Hope for Colorado’s Chimney Rock
From the seeming morass of Congressional gridlock, encouraging sprouts have appeared in recent months. Growing from grassroots advocacy and collaboration, a number of new ideas for administrative designations have emerged, bent on permanently protecting important natural and cultural values, as well as wild land segments of Colorado federal lands.
Closest to fruition may be the Chimney Rock Archaeological Area, a 4,100 acre cultural treasure near Pagosa Springs and a strong candidate as a new national monument.
Ancestral Pueblo Indians built more than 200 homes and buildings on the steep slopes below Chimney Rock’s twin rock spires. Among them is the highest Chacoan site known, the Great House Pueblo. From the Great House Pueblo the moon can be seen to rise between the rock spires during the Northern Lunar Standstill, an occasion that happens only once every 18.6 years.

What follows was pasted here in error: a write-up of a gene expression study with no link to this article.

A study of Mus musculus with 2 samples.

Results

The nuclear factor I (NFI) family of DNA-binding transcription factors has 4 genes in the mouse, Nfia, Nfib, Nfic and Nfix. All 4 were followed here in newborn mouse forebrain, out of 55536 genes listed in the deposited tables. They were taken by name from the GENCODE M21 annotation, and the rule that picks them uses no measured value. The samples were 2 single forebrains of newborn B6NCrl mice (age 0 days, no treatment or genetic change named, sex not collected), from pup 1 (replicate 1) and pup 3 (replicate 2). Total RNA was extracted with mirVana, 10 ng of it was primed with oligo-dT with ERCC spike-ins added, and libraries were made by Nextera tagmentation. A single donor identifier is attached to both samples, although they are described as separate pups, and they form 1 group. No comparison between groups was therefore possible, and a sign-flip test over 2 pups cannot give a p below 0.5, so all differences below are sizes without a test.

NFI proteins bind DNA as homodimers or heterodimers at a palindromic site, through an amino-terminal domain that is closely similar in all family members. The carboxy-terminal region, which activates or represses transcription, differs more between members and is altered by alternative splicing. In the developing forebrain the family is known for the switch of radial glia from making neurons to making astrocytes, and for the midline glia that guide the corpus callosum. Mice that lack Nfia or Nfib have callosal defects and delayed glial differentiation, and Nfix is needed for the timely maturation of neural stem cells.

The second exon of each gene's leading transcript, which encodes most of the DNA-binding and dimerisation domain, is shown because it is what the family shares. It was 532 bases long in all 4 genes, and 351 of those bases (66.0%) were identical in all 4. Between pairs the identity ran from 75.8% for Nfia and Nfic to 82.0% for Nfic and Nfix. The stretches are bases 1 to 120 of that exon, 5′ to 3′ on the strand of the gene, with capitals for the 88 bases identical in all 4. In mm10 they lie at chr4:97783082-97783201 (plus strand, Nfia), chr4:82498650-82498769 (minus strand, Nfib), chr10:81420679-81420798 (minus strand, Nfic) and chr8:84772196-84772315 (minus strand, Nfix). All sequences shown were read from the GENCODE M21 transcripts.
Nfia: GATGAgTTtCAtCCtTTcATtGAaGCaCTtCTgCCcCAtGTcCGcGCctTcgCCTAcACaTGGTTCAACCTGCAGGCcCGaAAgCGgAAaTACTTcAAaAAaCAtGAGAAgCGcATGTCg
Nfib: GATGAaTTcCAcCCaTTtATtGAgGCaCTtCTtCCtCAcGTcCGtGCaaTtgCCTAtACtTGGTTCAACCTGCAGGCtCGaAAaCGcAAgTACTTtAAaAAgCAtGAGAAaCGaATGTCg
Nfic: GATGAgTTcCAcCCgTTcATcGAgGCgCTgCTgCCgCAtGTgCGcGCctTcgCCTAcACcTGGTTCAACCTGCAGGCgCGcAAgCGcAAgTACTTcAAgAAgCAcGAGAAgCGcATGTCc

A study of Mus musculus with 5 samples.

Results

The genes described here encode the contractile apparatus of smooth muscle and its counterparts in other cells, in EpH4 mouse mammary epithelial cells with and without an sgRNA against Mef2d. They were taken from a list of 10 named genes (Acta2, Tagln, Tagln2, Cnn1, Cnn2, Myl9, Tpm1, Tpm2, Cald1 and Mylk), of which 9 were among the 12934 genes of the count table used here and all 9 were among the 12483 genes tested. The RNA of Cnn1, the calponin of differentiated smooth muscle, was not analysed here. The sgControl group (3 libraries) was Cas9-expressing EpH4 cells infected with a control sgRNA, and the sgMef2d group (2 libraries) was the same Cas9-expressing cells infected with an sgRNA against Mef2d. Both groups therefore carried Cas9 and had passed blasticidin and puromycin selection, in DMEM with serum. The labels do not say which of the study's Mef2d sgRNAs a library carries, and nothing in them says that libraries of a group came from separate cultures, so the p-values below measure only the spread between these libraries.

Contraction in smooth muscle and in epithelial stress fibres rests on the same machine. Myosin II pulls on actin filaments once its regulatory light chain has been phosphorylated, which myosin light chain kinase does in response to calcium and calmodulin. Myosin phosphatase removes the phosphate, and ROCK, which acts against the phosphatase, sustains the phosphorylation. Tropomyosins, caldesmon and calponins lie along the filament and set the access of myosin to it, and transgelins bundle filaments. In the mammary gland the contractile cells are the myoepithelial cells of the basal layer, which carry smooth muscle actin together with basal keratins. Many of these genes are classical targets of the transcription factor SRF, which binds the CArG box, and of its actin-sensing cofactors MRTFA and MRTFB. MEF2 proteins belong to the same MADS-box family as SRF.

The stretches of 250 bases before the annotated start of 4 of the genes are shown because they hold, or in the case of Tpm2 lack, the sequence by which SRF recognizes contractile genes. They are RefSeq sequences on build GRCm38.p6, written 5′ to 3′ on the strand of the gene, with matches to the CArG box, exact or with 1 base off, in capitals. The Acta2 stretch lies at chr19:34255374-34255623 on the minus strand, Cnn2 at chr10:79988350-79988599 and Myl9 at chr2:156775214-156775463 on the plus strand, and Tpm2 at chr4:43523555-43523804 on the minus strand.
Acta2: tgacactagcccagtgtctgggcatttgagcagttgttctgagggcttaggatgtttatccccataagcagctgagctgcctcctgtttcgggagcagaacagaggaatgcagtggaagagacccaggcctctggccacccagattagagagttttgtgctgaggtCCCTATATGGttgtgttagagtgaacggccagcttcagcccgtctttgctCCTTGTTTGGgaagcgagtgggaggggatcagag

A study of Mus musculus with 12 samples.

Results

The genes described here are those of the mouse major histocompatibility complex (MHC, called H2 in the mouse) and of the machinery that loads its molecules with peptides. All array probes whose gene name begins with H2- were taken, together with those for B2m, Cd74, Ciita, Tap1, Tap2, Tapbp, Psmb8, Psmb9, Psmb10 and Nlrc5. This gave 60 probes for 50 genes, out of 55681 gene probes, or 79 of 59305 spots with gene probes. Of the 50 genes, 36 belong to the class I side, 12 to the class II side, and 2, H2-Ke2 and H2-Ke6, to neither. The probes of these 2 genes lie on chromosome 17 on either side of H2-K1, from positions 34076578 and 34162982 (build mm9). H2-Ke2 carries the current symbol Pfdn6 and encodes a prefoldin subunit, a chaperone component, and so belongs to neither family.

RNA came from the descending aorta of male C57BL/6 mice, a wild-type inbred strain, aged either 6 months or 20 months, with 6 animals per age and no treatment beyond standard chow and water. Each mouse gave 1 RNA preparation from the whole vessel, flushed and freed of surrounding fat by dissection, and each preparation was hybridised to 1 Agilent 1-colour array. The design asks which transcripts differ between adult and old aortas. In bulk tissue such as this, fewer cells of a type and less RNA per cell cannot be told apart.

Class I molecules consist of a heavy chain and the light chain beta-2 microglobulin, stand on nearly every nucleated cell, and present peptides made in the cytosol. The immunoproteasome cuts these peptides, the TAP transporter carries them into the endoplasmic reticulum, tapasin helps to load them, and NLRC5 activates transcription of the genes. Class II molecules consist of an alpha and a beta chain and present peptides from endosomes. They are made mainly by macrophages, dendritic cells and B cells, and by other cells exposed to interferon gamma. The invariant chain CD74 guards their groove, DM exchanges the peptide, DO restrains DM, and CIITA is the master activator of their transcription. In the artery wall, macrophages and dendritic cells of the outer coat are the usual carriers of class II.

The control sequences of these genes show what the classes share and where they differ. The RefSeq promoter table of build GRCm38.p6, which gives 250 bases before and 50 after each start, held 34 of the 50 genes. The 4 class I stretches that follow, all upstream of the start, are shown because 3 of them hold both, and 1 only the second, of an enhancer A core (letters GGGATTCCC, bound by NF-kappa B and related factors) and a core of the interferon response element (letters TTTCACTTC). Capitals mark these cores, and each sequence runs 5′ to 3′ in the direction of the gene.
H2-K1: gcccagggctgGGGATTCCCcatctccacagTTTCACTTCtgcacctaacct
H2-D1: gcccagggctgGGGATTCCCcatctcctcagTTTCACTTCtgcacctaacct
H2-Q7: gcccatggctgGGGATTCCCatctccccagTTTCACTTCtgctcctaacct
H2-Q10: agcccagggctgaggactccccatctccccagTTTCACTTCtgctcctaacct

"Chimney Rock's spectacular natural setting and its significance as an ancient astronomical ‘observatory’ make it fascinating to visitors and priceless for present and future archaeological study. For these reasons alone it deserves protection as a national monument,” said Carol Stansfield, teacher and longtime Colorado Sierra Club member. “But Chimney Rock was also part of a much larger phenomenon: the entire Chaco culture. Something amazing was going on at Chaco, and Chimney Rock plays an important role in the Chacoan mystery.”
Chimney Rock was added to the National Register of Historic Places in 1970, and it attracts thousands of visitors and students annually, yet it lacks protection and adequate funding for upkeep. A national monument designation could bring this special place the resources, recognition and protection it deserves.
John and Carol Stansfield contributed to this post.